Anti-Racism Inc. is a year-long program that seeks to explore the meanings and language of antiracism. On Saturday, May 11, it did so through the lens of poetry.
Anti-Racism Inc. is the work of the American Cultures and Global Contexts Center, which is part of the University of California Santa Barbara’s English department. According to the website, it “seeks to broaden the cultural study of the United States” and offer work in interdisciplinary studies. Anti-Racism Inc., which is their latest effort, seeks to “consider the need to rethink the meaning of antiracism in light of contemporary shifts in global political discourses on race and racism.”
Poetic Interventions, a day-long poetry workshop and performance, brought together an intersection of community, staff, and students, as well as a variety of invited poets and spoken word artists from various backgrounds, many of whom are New York and Bay Area based.
The workshop began with an introduction by Professor Felice Blake of the English department, who worked to organize the event with graduate fellow of the program, Alison Reed. “I’m just so happy to be here today with everyone,” said Blake. In explaining the purpose of the workshop, Blake said, “We wanted to think about the language surrounding anti-racism. We wanted to think about how it’s been stolen and how we can create new ways to talk about these issues. We’ve been exploring this all year as part of Anti-Racism Inc.” She also addressed the power of poetry being what brings “our best intellectual capabilities to our best creative sensibilities.”
The workshop was structured around activities lead by some of the invited poets. It began with a meditation lead by Gregory Mitchell, a spoken word artist from the Bay Area who works with youth in prisons, detention centers, and continuation schools. The workshop also included a recitation of his work by Dubian Campbell, another spoken word artist and student at Ithaca College in Rochester, New York.
Campbell then invited the group to tell their stories about how they got where they are today in the tradition of African storytelling, with each member of the workshop reading out a single line from what they wrote to the beat of an improvised drum, a table pulled the front of the room.
The second workshop was led by spoken word artist Colin Masashi Ehara, who detailed the work of a scholar whose study had found that black victims of violent crime were perceived by their attackers as somehow “culturally dysfunctional,” and that the likelihood of being a victim of violent crime increased as perceived levels of cultural dysfunction did. He added that violence against Asian Americans fell on another false binary: American vs. foreign, where victims were more likely to be attacked if they were perceived as foreign. The group was asked to reflect on where they felt others perceived them on the resulting graph (with culturally functional/dysfunction on the horizontal axis and American/foreign on the vertical) as to compared to how they perceived themselves.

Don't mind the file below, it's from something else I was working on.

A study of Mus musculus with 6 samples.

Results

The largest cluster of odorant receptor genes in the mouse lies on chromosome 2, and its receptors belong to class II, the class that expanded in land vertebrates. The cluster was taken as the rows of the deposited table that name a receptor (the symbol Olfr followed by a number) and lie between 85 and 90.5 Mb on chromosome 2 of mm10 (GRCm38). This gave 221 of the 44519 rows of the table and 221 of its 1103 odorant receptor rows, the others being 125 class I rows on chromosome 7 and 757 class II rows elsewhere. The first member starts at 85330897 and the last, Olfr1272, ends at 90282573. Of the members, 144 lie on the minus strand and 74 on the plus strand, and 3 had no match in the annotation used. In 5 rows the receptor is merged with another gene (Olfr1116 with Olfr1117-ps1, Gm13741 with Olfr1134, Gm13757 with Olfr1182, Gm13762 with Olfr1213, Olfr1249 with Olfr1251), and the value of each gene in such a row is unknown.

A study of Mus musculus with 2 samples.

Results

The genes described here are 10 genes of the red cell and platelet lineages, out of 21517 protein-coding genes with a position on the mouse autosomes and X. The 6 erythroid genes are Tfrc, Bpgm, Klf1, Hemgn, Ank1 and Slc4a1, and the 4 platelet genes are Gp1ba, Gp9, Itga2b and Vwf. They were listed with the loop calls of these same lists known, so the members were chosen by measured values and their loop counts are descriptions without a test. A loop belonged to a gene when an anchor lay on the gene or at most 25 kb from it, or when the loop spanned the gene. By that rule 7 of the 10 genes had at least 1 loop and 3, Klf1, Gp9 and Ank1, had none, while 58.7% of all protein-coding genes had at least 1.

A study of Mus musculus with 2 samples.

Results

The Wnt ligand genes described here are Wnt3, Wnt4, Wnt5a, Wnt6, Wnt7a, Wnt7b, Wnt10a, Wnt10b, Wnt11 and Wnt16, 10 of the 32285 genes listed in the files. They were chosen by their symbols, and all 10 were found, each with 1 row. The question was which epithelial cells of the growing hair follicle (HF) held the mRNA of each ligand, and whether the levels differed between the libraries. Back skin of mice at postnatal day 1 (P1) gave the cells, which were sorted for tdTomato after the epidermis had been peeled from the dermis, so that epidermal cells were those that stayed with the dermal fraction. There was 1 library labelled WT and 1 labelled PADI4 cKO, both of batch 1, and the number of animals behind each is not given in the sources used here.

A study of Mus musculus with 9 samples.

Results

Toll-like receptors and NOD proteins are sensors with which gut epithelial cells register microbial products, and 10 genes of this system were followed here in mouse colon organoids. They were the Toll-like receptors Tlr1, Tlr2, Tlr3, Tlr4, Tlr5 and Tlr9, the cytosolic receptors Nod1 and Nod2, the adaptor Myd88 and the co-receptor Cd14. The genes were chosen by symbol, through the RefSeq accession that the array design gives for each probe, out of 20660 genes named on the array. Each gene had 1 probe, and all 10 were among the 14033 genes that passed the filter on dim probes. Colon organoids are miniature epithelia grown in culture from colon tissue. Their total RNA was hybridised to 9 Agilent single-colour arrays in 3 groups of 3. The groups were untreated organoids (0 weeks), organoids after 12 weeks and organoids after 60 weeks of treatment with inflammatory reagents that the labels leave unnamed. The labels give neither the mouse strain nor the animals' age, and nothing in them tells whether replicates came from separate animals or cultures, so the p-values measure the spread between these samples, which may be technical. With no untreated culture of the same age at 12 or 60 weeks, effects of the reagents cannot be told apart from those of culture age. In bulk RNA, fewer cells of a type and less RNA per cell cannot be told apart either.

The final workshop was led by poet Daniel “Fritz” Silber-Baker, whose interest was specifically in directly addressing the realm of language and the connotations of language. He asked members of the workshop to create a word for the relationships and human interactions that there weren’t simple names for. They also discussed, in Baker’s words, “language that has been given to us,” “language that has been taken from us,” and “language we have created” in the struggle against racism and racist speech and thought.
Immediately following the workshop, the group moved into the MCC Theater to perform a mix of pieces created in the workshop and prior works. Several students read their own pieces or works that had resonated with them that related to the issues of the day, along with the visiting poets from the workshop, community members, and staff.
The space welcomed contributions from whoever was interested in speaking for as many pieces as they’d like to read, including one of the members of the film crew that was recording the workshop. Fourth-year English major Marlene Moreno shared that she was “coming away from the space with a renewed energy to write.” Gregory Mitchell said that his takeaway was that, “you can find or create these people and these spaces anywhere, to talk about these issues and to do these things.”